Lance Armstrong warned the rest of the Tour de France Saturday that he was gearing up to win cycling's biggest race for a record-equaling fifth time. The American allowed Frenchman Richard Virenque to take Saturday's first mountain stage at Morzine, along with the yellow jersey, but then said he was setting out to win the race, starting with Sunday's eighth stage climb up L'Alpe d'Huez. "For me, the Tour started today," the U.S. Postal Service leader told reporters. "In the first week of the race you're not riding to win, you're just trying to stay out of trouble and not lose it. Now it's


Lance Armstrong warned the rest of the Tour de France Saturday that he was gearing up to win cycling’s biggest race for a record-equaling fifth time.

The American allowed Frenchman Richard Virenque to take Saturday’s first mountain stage at Morzine, along with the yellow jersey, but then said he was setting out to win the race, starting with Sunday’s eighth stage climb up L’Alpe d’Huez.

“For me, the Tour started today,” the U.S. Postal Service leader told reporters. “In the first week of the race you’re not riding to win, you’re just trying to stay out of trouble and not lose it. Now it’s time to try and win, which I always prefer.”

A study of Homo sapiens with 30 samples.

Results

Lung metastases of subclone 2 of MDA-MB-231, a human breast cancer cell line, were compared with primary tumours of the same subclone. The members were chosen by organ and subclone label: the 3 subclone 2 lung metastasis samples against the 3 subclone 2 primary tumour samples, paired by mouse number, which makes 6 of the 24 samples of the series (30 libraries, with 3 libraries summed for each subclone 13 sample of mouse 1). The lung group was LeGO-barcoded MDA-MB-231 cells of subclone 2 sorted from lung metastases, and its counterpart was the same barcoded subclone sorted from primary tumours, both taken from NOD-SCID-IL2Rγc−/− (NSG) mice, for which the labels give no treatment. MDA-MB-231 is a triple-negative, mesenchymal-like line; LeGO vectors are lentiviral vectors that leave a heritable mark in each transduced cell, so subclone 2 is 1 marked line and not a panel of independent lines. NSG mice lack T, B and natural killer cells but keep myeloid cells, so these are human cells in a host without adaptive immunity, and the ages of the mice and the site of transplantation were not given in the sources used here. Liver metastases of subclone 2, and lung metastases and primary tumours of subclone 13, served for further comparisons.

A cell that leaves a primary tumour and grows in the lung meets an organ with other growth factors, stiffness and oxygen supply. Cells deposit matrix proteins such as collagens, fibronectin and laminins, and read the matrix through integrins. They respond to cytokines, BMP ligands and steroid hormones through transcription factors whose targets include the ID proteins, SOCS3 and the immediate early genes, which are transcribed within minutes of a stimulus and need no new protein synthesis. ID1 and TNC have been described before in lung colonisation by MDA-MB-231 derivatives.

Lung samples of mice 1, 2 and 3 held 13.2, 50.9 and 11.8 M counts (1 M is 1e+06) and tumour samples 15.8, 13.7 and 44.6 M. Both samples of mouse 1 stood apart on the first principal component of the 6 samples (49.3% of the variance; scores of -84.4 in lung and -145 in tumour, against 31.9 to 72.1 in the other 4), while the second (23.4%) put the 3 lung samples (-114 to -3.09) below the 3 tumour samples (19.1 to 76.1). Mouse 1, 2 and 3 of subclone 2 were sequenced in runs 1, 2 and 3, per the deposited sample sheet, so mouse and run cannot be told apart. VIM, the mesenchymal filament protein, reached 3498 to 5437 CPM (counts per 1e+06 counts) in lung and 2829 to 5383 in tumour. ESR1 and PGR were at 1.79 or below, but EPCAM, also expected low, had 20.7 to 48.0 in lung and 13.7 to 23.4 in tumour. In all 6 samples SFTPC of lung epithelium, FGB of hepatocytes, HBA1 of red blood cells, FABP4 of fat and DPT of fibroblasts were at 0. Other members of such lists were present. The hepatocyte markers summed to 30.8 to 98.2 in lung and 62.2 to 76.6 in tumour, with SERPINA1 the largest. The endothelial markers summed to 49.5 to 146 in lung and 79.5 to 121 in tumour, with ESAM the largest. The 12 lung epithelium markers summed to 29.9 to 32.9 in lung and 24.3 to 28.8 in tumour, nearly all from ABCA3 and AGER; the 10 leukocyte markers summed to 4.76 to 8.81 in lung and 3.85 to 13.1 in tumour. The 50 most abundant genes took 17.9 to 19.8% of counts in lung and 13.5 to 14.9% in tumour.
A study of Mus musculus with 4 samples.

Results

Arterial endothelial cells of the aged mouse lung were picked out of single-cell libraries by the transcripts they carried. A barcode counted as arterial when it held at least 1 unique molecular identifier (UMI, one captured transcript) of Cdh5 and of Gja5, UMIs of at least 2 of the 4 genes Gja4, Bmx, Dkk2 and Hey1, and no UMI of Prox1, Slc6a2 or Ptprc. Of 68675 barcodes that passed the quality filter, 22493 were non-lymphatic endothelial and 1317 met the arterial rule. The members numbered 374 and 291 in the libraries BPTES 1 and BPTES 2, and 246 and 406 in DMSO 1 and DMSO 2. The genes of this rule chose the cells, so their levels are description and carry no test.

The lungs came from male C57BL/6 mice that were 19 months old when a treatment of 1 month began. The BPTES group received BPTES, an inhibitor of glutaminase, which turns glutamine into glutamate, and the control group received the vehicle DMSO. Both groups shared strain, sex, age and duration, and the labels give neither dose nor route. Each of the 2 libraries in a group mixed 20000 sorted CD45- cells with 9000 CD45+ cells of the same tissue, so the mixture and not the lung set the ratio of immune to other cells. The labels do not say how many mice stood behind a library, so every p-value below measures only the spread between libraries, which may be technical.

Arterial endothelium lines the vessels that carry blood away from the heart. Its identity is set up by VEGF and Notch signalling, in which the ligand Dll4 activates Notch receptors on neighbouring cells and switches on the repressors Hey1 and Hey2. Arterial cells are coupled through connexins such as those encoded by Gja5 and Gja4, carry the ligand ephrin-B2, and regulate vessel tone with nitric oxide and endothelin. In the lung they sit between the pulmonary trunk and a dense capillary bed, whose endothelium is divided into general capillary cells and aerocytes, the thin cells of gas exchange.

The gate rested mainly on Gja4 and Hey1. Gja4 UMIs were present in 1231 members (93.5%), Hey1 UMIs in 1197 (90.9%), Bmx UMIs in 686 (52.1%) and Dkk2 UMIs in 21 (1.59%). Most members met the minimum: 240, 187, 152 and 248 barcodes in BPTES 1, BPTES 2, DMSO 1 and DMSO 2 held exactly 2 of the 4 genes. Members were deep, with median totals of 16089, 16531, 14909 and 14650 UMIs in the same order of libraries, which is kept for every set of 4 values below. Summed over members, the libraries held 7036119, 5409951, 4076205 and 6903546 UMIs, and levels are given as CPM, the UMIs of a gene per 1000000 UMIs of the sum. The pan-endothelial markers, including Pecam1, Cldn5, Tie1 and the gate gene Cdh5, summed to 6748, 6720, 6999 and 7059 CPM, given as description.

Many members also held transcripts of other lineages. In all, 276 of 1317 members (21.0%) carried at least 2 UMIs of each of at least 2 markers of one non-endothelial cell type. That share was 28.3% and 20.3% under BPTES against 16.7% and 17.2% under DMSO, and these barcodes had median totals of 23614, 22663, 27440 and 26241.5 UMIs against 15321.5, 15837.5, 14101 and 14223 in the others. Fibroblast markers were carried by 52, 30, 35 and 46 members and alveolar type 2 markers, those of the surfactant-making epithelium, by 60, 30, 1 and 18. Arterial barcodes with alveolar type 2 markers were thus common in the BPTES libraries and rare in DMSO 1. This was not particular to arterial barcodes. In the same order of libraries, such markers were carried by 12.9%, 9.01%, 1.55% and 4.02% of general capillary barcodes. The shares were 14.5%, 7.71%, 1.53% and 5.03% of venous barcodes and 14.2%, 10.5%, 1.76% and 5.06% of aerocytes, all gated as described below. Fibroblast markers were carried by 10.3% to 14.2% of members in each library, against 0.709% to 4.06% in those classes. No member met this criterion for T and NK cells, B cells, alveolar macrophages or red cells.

Armstrong finished 15th on the stage to Morzine, four minutes and six seconds behind winner Virenque, whom he trails by 2:37 in the overall standings.

“Tactically it was a good day for us,” Armstrong said. “Virenque has the race lead after his strong ride, and so his Quick Step team will be motivated to defend the lead in the next few days.

“I don’t know how long they can keep it for, but it’s a good thing for us. The most important thing is to know how I feel and know that the team is riding well. They were fantastic today.”

Armstrong said he was surprised that two rivals, Gilberto Simoni and Santiago Botero, lost such large amounts of time on Saturday’s stage. Simoni lost eight minutes to Armstrong and is now 74th overall, 9:23 behind the defending champion, while Botero also finished eight minutes down and is 7:47 behind the American.

“The first mountain stage always causes a few surprises, and Simoni and Botero were the big ones,” Armstrong said. “Even I was surprised to see them fade like that.”

With matters apparently under control, Armstrong was clearly looking forward to Sunday’s second Alpine stage.

“L’Alpe d’Huez will be important,” he said. “It’s a hard stage with the long climb of the Col du Galibier and then the finish at the summit of L’Alpe d’Huez.

“I’m sure there will be attacks, but I’m ready for them.”